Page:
Decorating a window of the house I grew up in was a sign like many others in our quiet part of town: Neighbourhood Block Watch. The idea was simple. If an area child felt unsafe or needed help, they could knock on our door. Presumably my parents would look after them until they could reach the child’s parents. Not that the streets of Coquitlam, BC, were very mean in the early ‘90s. I feel like I grew up in a relatively safe city. But the Block Watch signs, complete with smiling anthropomorphic houses, added to a feeling of community, safety, neighborliness.
Nextdoor is an attempt to create that same connectivity in local neighborhoods across America, albeit for the digital age. It’s a self-described “free private social network for your neighborhood community.”
Although it sets its sights high, Nextdoor has unintentionally allowed discriminatory sentiments to foster online. Despite the interracial friendships that appear on its homepage splashes, keyboard heroes have felt safe to sling racially charged words at minority groups. They’ve also taken to promoting animosity against homeless people.
Nextdoor, We Have A Problem.
Like the Block Watch signs of my youth, Nextdoor began as a wholesome idea. Neighbors can connect with each other to promote a community garage sale, clean up a section of town, or take the local city councilor to task.
In the process, however, the online platform has made it easy for householders to lobby complaints against their area’s homeless population, whether warranted or not. This negativity spreads like wildfire, gaining momentum with each successive complaint.
Search your own neighborhood and see whether anyone is discussing “problematic” homelessness.
“While I have sympathy for being homeless, I think it’s time for tough love,” argues one user in Portland, Oregon. Another user in LA also assures readers they “have empathy for the homeless. But calling trash personal possessions is ridiculous.” After a user posted a picture of their stolen bike, one neighbor suggested: “[Check] the homeless camp.” (Nextdoor forum quotes thanks to OneZero.)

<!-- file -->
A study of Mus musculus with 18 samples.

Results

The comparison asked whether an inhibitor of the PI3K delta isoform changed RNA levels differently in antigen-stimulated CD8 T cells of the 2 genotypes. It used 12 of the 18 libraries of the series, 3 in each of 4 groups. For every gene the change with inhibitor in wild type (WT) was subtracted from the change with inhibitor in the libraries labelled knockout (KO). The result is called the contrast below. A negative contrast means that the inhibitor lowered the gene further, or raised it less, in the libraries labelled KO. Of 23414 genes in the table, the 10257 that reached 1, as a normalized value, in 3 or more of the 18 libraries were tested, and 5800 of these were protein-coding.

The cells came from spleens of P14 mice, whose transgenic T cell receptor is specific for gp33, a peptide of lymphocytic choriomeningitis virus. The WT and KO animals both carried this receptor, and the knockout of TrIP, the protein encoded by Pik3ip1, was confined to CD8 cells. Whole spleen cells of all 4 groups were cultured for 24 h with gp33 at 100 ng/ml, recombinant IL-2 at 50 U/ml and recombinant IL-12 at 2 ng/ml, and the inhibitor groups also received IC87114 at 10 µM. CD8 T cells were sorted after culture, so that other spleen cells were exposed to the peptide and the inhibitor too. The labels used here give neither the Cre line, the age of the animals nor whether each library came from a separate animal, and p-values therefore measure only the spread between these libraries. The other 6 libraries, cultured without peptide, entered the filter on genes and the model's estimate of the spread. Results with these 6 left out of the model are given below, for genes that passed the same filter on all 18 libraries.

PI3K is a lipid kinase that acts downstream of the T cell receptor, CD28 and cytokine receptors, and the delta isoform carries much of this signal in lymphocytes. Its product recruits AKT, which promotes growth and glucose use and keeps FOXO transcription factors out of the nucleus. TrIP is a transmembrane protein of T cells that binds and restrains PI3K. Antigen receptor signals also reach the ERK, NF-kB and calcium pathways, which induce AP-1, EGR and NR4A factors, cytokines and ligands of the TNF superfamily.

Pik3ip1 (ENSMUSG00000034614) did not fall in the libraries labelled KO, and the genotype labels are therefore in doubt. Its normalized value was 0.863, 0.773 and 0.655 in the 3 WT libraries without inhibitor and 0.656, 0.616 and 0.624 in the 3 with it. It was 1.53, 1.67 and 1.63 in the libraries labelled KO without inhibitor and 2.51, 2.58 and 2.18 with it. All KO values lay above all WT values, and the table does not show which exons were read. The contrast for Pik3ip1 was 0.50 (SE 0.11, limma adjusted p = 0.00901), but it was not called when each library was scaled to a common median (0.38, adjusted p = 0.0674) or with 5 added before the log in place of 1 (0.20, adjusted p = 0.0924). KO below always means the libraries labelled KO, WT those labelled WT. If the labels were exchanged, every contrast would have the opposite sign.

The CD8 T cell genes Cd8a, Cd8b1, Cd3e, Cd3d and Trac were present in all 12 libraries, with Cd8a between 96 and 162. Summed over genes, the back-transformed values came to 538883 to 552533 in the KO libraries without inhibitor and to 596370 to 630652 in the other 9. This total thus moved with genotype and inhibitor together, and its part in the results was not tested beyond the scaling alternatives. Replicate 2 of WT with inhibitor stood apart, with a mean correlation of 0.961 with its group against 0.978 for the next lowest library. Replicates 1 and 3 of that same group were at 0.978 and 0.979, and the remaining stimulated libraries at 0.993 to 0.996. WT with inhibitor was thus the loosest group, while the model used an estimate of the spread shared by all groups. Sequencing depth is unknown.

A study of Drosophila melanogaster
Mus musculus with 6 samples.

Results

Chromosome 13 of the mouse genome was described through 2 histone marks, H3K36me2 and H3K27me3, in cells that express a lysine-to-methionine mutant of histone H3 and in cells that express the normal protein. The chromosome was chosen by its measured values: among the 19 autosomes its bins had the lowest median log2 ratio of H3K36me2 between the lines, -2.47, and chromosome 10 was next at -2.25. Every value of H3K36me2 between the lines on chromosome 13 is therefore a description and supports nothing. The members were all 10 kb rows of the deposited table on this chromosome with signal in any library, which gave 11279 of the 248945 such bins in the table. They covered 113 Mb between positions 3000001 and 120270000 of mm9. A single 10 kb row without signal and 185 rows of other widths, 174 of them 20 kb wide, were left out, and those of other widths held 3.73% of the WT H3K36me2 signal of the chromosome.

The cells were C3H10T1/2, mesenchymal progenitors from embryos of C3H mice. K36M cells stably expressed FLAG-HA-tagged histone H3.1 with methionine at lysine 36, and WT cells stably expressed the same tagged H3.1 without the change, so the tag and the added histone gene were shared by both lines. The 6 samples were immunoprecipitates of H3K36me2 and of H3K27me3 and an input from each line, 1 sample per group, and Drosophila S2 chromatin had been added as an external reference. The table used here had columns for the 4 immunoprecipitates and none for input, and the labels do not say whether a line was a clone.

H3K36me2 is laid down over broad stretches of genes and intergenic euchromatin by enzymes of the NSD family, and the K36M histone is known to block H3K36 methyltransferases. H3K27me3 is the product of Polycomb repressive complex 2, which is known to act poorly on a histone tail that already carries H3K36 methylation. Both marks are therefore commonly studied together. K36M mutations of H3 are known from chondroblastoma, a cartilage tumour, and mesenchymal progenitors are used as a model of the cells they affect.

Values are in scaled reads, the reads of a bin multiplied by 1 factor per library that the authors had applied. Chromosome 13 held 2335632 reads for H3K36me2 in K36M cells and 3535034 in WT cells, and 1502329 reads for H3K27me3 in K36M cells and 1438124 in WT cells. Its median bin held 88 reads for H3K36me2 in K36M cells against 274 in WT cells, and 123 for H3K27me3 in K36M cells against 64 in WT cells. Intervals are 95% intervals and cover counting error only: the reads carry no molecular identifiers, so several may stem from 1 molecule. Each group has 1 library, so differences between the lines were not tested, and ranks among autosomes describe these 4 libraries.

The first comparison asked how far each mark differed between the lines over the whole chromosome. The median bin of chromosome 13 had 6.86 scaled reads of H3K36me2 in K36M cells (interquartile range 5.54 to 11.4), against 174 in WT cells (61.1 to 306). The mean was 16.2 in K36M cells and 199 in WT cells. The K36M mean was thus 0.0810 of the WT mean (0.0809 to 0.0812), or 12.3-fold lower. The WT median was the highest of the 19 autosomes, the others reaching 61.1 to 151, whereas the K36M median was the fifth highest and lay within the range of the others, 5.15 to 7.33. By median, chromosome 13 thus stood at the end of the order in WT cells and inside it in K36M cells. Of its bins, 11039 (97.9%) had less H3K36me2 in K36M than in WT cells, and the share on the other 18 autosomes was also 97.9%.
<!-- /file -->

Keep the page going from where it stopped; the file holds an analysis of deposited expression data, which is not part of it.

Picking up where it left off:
Other online platforms have similar issues with nurturing negativity against one minority group or another. What makes Nextdoor particularly culpable is how limiting and exclusive it is. In her paper criticizing the Nextdoor app, Katie Lamright notes that “unlike most social media, Nextdoor’s premise is on limiting, rather than expanding, a prospective social network. This manifests in some seemingly innocuous quaintness … going by first name, ‘thanking’ in lieu of liking … but the exclusivity simultaneously fosters discriminatory practices that are baked into the very structure of the app. It’s like a gated internet community.” Significantly, you need to have a verified address to sign up. The unrepresented tend to bear the brunt of louder voices.
Online Mob Mentality Mobilizes in Berkeley
Words and stones may break my bones may be one way to approach the troubling sentiments fanning anti-homelessness flames on Nextdoor. Of course, these sentiments didn’t originate on Nextdoor. But these “words” can have real consequences for very real homeless people.
Take what happened in Berkeley, California, as a case in point. Mike Zint is well-known for his outspokenness about the city’s homelessness. He heard that he was being demonized online, so he signed up for Nextdoor using a fake address. “I was accused of drug use, theft, and being a criminal. I was mentioned by name, and most of what was being said was lies.” The fallout was quick. “Nextdoor kicked me off because they found out I’m a homeless man.”
Mr. Zint himself offers a suggestion on how Nextdoor could manage this growing antagonism better. “You have to have a living, compassionate person [who] understands, and put in rules that says this will get you banned. It needs to be controlled.”
Moderating social media content isn’t a new idea. Platforms like Facebook and Twitter are constantly being taken to task over the need to moderate and have made positive changes in this regard. Nextdoor should take similar steps to moderate content and users.
If neighborhood social media platforms like Nextdoor are left unchecked, Barbara Brust, founder of Berkeley’s Consider the Homeless, is concerned fear mongering could affect how the housed view homeless people. “My biggest fear is that [Nextdoor posters] are influencing people on the fence to be against homeless [people].” And that push might be the difference between online flaming and targeted arson against a tent city.